New dining hall policies bring food preparation out of kitchen

Ally Mutnick, Reporter

Four Northwestern dining halls are testing out a new system aimed at maximizing employee interaction with students and making food preparation more transparent.

Student Affairs and Sodexo, the company that manages nuCuisine, switched to the new “Dining by Design” concept this year.

As many food options as possible are now cooked in front of the students so they can see their food being prepared. Dining staff will monitor the lines to see which dishes are moving the fastest so they can prioritize what to cook more of next.

Sodexo general manager Chris Gargiulo said the changes will make the food fresher for all diners, and students will be able to see exactly what they ordered and how it is made.

“It really takes the prep and the prep work that you never saw in the back of the kitchen and we bring it out front now,” he said. “The food is not like 20 to 30 minutes old — it’s minutes old.”

The new system was implemented in the dining halls at Sargent, Allison, Elder, 1835 Hinman and Foster-Walker Complex. Willard’s dining hall could not accommodate the concept because food there is prepared on demand for students.

Julie Payne-Kirchmeier, vice president for student auxiliary services, said the new concept stemmed from student concerns she heard last year.

“There was a lot of feedback from students about dining hall service and interaction with employees,” she said.

Student Affairs will begin assessing the new system after one full month of operation. In addition to changes in food preparation, Payne-Kirchmeier worked with Sodexo to make some staffing changes in the dining halls and to increase the training of the employees.

“The staff is much more knowledgeable with the menus,” she said. “They can explain what’s in them. They can help with customizing things.”

The atmosphere of the dining hall has changed as well. Gargiulo said Sodexo has tried to purchase more local foods and has begun using more signage to tell diners things like where food comes from, if it is sustainable or if eggs are cage-free.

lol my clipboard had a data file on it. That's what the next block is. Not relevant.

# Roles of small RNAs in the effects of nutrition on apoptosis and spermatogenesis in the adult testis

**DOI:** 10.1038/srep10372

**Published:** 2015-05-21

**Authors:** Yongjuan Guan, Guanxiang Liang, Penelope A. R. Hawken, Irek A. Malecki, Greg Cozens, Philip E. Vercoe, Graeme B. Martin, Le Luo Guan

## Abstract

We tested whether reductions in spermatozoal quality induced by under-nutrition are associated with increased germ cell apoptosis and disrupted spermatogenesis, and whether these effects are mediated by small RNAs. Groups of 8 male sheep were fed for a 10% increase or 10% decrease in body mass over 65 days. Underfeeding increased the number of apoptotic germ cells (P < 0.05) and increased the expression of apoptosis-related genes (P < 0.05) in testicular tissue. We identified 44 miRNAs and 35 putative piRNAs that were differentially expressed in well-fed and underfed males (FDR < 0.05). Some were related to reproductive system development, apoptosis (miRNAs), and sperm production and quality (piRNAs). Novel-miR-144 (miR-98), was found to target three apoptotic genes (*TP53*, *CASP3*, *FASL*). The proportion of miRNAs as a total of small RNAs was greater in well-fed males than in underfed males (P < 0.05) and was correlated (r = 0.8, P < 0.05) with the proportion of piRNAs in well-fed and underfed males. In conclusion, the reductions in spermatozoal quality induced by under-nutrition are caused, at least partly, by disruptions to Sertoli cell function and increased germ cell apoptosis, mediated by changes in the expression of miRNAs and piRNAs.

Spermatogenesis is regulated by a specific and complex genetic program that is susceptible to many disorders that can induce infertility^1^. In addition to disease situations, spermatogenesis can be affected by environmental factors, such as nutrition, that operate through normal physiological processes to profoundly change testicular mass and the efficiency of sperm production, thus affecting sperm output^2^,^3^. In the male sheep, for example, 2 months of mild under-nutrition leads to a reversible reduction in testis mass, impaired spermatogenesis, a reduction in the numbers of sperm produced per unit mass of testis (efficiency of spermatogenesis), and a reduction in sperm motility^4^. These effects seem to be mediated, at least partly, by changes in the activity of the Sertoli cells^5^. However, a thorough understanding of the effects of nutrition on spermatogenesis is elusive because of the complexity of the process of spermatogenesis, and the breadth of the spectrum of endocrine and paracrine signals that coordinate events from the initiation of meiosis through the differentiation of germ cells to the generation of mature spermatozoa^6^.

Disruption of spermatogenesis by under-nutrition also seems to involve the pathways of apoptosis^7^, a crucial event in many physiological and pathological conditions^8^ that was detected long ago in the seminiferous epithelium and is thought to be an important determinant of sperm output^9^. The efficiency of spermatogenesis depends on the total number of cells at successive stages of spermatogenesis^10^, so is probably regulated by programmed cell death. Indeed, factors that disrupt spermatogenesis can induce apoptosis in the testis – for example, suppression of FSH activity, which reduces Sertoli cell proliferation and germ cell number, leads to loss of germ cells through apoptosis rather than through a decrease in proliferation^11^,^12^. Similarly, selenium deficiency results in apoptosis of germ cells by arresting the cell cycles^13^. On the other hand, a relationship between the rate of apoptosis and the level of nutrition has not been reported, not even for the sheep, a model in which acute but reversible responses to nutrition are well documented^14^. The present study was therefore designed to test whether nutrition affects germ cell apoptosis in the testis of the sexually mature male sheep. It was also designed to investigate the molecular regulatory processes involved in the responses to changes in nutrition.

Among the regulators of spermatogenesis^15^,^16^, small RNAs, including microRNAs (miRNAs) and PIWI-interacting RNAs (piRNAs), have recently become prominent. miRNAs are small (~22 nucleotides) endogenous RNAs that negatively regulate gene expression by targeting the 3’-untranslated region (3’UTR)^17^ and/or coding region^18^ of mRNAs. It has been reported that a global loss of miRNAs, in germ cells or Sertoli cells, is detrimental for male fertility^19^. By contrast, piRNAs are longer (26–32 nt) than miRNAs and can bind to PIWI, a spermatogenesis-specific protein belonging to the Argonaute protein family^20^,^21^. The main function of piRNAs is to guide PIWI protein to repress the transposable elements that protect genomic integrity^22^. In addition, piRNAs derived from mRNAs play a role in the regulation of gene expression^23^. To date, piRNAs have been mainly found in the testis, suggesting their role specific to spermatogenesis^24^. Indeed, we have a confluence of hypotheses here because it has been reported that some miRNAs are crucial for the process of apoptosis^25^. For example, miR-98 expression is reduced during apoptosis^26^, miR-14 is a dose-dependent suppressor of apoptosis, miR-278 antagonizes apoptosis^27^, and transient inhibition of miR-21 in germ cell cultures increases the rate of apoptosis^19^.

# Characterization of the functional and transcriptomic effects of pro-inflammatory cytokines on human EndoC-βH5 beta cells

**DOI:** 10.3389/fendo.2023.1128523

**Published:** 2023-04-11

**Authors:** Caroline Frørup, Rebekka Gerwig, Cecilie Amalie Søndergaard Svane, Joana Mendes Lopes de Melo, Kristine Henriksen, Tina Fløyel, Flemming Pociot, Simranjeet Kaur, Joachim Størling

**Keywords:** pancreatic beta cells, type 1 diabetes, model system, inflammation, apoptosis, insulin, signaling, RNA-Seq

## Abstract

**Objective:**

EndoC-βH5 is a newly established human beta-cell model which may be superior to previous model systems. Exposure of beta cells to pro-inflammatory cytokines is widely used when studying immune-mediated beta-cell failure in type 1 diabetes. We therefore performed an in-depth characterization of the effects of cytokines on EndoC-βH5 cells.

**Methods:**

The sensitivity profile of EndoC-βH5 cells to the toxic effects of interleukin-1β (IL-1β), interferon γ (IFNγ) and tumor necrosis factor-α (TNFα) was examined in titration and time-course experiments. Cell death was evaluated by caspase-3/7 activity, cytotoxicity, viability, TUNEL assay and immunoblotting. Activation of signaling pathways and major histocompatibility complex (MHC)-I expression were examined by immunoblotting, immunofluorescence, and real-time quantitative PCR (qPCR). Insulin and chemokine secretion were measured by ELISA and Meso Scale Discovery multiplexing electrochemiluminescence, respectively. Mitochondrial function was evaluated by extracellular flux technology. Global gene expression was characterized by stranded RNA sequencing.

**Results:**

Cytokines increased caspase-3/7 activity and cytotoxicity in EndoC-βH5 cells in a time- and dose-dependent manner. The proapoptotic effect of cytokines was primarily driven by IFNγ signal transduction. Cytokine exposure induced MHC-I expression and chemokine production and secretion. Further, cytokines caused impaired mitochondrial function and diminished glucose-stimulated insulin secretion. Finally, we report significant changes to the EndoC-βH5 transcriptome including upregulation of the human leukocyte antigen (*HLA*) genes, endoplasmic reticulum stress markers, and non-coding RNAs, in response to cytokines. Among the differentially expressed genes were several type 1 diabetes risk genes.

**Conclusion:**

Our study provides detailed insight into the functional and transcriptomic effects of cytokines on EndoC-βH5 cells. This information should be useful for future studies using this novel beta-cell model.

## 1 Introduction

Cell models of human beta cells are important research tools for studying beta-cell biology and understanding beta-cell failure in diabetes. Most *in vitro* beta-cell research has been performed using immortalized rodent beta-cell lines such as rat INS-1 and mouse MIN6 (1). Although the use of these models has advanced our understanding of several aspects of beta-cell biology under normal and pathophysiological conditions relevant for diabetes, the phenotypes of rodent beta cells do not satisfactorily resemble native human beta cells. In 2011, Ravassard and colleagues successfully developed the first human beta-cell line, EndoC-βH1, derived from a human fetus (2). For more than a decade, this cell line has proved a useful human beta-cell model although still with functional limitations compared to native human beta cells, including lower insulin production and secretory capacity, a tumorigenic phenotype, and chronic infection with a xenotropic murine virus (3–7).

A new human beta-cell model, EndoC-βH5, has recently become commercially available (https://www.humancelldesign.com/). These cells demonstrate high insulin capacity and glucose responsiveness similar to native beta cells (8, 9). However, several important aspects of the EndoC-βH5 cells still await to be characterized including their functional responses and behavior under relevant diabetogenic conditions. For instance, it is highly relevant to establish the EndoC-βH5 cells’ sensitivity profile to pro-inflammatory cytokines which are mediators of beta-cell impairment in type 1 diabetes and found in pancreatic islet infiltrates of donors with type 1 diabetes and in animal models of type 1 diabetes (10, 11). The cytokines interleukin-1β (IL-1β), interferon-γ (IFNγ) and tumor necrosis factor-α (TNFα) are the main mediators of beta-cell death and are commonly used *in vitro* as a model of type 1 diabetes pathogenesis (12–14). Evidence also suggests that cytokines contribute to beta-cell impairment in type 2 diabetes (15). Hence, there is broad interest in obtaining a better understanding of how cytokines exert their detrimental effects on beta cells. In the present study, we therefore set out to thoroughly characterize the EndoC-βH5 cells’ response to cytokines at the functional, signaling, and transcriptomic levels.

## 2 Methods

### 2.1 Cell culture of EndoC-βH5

Stations in the dining halls were also reorganized to reflect foods that people often eat together. There are now casseroles and salads offered at the pizza station to make each stop a complete meal.

Each dining hall has new white plates and glasses, as well as specific salad bowls and soup bowls. Gargiulo said the goal was to make the dining hall feel like a restaurant.

“We wanted to make the experience a bit nicer and kind of upscale it a bit for everyone,” he said.

Both Student Affairs and Sodexo have tried to garner more student feedback. They are in the process of setting up an advisory committee to critique the dining halls. Sodexo has had students taste food before they introduce it.

McCormick sophomore Andrew Rowberg said he had noticed an improved quality of food this year. He said he has also observed a change in the staff interaction.

“I think the staff has made an effort to be more personable this year,” Rowberg said. “They talk to you in line. They’re a little more knowledgeable about the food they make. You can ask them questions and get information on how it’s prepared.”

Weinberg senior Ben Miner said he noticed the effort to make food assembly more visible but that he thought it made the dining hall more crowded.

When chefs don’t have access to the larger appliances in the back kitchen, they can’t prepare food as quickly, Miner noted.

“They have like this tiny little George Foreman-style grill,” he said. “Lines are longer because they’re not able to get as much out at a time.”

Gargiulo said Sodexo is always interested in student response to dining services. The company has also given small surveys to diners to assess the Dining by Design concept, adding the response so far has been positive.

“The food we produce is fresh,” he said. “It’s made in front of you and that’s what we want to be known for. We don’t want to be known as dining hall food.”